An enterprising Huddersfield student is making innovative use of seaweed to make sustainability integral to her first steps in the world of textiles and fashion brand marketing.
Anna Watkins has built upon the experience gained from an Enterprise Placement Year (EPY) at the University to be given a £5,000 grant as one of just 64 people to have won a Young Innovator award from the Knowledge Transfer Network (KTN).
Starting from her kitchen before moving to her parents’ house during lockdown, Anna has used pots, pans and ingenuity to combine a variety of sustainable materials that go to make seaweed leather.
Her enterprise, Uncommon Alchemy, now produces beautifully handcrafted notebooks, wallets, tech cases and lampshades made from this unique substance. Now in the final year of her Fashion Brand Marketing degree, Cumbria-based Anna now plans to investigate how to scale up her production capacity.
Anna will be helped by the £5,000 award from the Young Innovators awards, run by Innovate UK in partnership with the KTN and the Prince’s Trust. She also took advantage of the University of Huddersfield’s EPY programme, which was the first of its kind in the UK when it was established in 2004 and which gives students the chance to research and explore the options of starting a business or self-employment.
Concerned by the lack of sustainability in the traditional methods of making fashion items, Anna researched how seaweed could be used in combination with other environmentally-friendly materials to produce a malleable plastic that can be turned to many different uses.
“It’s a really interesting material in the way it behaves and transforms over time. I found some open source recipes online, then I became a bit of a mad scientist,” says Anna. “In a week I made 100 samples – my flat was covered in jellies and slimes that were drying in moulds! I fell in love with biomaterials and it brought all the skills I had been building on together. It was much more in line with what I wanted to do.
Anna had initially pursued fashion garments for her Enterprise Placement Year, but discussions with the Enterprise Team who run the programme at the University took in her in a new direction.
“They encouraged me to go back to the heart of what I wanted to do,” adds Anna. “That brought me to biomaterials, because the lack of sustainability and options was frustrating. Fashion materials themselves are often unsustainable.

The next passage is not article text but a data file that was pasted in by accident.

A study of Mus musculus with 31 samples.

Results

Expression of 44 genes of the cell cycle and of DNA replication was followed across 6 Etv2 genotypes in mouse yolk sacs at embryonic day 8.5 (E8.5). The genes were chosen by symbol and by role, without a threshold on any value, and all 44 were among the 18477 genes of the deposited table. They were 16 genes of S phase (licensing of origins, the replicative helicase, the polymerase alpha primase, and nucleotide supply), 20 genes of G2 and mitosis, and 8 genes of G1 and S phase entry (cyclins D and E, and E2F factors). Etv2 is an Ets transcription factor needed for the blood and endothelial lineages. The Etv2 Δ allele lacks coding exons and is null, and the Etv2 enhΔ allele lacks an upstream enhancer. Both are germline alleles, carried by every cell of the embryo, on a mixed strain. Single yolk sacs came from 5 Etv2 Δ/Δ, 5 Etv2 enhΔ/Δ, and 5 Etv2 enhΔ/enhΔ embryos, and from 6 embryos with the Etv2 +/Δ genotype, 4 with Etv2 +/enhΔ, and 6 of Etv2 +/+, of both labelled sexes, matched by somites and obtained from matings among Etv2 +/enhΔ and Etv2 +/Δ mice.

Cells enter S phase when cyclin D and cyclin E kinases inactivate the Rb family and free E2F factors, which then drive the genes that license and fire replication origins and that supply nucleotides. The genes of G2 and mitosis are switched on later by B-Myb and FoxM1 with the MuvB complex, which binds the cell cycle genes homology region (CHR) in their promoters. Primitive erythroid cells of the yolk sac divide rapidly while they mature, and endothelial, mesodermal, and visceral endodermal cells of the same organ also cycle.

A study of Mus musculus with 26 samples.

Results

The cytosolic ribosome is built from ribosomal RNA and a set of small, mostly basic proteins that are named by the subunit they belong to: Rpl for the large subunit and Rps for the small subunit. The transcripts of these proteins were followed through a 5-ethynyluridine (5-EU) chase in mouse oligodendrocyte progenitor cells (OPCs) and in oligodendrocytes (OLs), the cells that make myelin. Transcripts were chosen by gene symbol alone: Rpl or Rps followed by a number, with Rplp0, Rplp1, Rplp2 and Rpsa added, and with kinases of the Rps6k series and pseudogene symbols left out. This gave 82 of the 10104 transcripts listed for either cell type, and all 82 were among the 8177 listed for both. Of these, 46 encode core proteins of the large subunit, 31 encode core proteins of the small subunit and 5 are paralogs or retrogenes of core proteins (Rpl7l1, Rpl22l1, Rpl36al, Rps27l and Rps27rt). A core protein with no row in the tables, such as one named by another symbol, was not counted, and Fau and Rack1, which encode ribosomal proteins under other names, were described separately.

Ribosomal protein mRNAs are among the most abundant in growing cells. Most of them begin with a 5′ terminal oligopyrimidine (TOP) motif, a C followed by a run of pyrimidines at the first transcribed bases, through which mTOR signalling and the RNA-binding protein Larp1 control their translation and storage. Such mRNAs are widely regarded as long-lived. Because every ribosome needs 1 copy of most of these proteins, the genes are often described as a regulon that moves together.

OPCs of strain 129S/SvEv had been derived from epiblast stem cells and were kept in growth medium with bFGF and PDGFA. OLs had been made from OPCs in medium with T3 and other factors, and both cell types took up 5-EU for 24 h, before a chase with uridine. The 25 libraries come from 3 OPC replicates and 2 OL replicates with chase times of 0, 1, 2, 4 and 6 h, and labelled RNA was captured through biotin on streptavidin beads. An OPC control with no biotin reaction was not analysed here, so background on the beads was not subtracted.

“Enterprise Placement Year was one of the main reasons why I wanted to come to Huddersfield, and I had always wanted to work for myself. The Enterprise Team were incredibly supportive.”
Heating dried, powdered seaweed usually used as a gelling agent in food production produces a jelly-like substance that becomes firm within two minutes. This can be poured into moulds, allowing Anna to create a range of useful products.
“I tried to grow mushroom mycelium in Tupperware under my bed, that didn’t quite work out! I tried a few low-tech things, mixing composite materials like adding industrial textile wool waste into the materials to get a mouldable product. Seaweed was relatively easy, without needing a lab.
The UK’s coronavirus lockdown saw Anna move back in to her parents’ house – “They were very understanding!” – which has become home to Anna’s experiments with silicon moulds and drying techniques for now.
The University’s Enterprise Team continue to work with Anna, having helped to unlock her passion when she seemed to be struggling for inspiration, while an enterprise grant funded by Santander Universities also provided Anna with support.
“We worked on an opportunity map with Anna to change her ideas to something she was more passionate about,” says Philip Clegg, Head of Entrepreneurship and Enterprise. “The EPY gave her the chance to see that she could successfully change direction, in this case looking at innovative materials. The Young Innovators award is a wonderful endorsement of Anna’s hard work and ingenuity.”
Next for Anna is investigating how to take her small-scale production to a new level.
“I’m looking at bio-derived, compostable polymers in a way that’s scalable to an industrial way of production, less me in my kitchen making small samples in a mad way!
“Seaweed is a fascinating material, but I am keeping my options open about where to go next with the raw materials that the plastic comes from. I am so excited by material innovation, it can go in so many directions from here.”